We have represented many boards that have refinanced their existing underlying mortgages. Several have been faced with challenges from shareholders who believe that the expenses of refinancing, primarily the cost of prepaying the existing mortgage, do not warrant refinancing. The boards in question have carefully studied the refinancing market, the risks of rising interest rates, the ability to lock in favorable rates to build a reserve for future capital improvements, and the costs to be incurred if refinancing occurs. In the boards’ judgment, the benefits of refinancing far outweigh the burden of paying a prepayment penalty.
Therefore, some of the boards decided that it was in the best interests of all shareholders to move ahead with the refinancing. In one building, a small minority of disgruntled tenant-shareholders began litigation to stop the board from refinancing the mortgage. They also attempted to pass shareholder resolutions restricting the board’s ability to incur debt unless approved by the tenant-shareholders, and wrote letters to the proposed lenders objecting to the refinancing and threatening suit against the board.
The lawsuits were defended, invoking New York’s Business Judgment Rule, which provides that a court will uphold the decisions of a board of directors and not substitute its belief as to the proper decision on a particular business issue, provided it acts in good faith and in the interests of the shareholders as a whole. The proposed resolutions were ruled out of order, as they violate the terms of New York’s Business Corporation Law, which invests business decision-making authority in the cooperative’s board of directors and not in the shareholders. Finally, our firm worked with the board to explain its decision-making authority to the lenders and their title companies so they would not be intimidated by the shareholders’ actions and would close the mortgage refinancing.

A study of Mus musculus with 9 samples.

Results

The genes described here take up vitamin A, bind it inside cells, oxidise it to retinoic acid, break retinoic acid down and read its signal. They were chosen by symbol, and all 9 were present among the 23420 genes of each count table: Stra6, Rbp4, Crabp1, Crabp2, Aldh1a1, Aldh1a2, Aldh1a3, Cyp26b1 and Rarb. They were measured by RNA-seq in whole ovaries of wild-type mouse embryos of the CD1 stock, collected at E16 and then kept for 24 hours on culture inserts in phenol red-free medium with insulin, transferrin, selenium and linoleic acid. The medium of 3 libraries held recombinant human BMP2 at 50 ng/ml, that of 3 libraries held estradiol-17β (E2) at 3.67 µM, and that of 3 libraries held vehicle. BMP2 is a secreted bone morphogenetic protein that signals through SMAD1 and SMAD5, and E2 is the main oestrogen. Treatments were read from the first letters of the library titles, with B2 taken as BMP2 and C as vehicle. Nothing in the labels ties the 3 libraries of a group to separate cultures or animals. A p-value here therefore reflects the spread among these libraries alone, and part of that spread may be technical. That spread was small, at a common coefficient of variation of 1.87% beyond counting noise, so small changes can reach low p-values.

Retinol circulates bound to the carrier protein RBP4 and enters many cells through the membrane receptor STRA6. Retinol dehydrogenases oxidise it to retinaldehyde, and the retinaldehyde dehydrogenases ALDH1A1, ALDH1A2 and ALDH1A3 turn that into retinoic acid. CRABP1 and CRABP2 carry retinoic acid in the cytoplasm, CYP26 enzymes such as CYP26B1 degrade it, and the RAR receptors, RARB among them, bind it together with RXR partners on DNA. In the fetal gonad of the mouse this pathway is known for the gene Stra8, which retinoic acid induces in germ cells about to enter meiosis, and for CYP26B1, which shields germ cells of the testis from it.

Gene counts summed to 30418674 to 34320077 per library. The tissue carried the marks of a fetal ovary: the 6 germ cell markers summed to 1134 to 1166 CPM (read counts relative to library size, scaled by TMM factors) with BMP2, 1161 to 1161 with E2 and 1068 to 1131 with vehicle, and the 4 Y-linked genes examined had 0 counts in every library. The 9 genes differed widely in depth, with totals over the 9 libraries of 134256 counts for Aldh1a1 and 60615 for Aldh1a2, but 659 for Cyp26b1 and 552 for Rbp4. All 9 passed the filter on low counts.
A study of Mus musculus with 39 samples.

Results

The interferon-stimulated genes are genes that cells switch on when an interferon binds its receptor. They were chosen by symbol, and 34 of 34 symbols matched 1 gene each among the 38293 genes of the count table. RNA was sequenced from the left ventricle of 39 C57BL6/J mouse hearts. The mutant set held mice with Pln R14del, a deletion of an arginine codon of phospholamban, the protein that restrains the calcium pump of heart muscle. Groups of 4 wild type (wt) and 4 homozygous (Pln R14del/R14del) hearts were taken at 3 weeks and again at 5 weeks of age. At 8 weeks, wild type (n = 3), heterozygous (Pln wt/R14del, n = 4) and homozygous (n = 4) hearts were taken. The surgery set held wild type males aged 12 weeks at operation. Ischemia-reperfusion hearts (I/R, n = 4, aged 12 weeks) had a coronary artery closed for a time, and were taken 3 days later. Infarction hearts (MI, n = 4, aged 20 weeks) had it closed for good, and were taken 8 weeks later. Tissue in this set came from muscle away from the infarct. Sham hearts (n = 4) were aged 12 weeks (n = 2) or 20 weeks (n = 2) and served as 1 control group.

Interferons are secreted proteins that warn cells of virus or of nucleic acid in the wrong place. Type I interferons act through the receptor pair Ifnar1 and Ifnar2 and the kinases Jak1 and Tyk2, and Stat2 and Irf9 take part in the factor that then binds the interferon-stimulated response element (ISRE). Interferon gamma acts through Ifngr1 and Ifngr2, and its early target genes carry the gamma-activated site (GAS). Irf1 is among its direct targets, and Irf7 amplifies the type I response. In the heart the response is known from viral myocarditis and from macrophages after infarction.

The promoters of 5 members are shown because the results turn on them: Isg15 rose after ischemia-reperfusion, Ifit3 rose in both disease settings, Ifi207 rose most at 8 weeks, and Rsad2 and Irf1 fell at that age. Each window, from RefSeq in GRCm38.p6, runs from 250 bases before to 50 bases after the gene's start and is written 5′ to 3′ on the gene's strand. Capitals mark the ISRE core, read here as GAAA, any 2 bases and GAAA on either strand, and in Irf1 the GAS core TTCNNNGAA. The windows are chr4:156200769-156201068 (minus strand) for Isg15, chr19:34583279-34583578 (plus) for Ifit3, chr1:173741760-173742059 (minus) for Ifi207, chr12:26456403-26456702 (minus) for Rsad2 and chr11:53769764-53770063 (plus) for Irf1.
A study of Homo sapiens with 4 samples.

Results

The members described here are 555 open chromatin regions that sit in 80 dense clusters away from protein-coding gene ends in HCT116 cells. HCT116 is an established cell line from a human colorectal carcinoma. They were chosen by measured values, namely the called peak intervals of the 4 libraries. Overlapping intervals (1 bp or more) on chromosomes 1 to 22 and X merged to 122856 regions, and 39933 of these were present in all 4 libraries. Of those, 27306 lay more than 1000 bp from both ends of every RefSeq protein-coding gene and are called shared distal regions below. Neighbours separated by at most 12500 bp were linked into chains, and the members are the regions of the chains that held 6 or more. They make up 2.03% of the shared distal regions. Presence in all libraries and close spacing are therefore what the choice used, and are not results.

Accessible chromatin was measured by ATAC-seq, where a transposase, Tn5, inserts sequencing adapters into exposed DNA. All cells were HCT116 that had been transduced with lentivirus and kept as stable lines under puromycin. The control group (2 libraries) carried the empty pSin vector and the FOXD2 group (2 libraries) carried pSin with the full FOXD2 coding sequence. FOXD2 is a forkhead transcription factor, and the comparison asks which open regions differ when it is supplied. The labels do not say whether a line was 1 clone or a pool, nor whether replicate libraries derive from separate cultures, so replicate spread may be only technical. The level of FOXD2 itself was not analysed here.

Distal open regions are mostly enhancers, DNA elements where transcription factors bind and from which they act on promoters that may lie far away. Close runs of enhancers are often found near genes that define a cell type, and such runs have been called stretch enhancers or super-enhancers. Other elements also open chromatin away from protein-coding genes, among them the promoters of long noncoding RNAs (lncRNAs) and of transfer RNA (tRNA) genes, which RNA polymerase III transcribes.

When there are important financial decisions to be made by a board, such as refinancing an underlying mortgage, it should carefully study the benefits and costs of the transaction. The board should keep all shareholders informed of the steps it takes when making the study, and should advise them of the reasons why it decides to move forward with a transaction. It is wise for a board to involve counsel at this stage to help it craft clear communications to all shareholders explaining the process and listing the benefits to be achieved by refinancing. In many buildings, there may be some shareholders who do not agree with a board’s actions. By carefully explaining the benefits to be achieved, a board is likely to prevent extreme actions by shareholders, which might delay or upset the transaction. If, despite the board’s best efforts and intentions, some shareholders take actions to stop the transaction, it should have counsel defend its decision-making with the cooperative’s prospective lenders and title companies and, if needed, in court.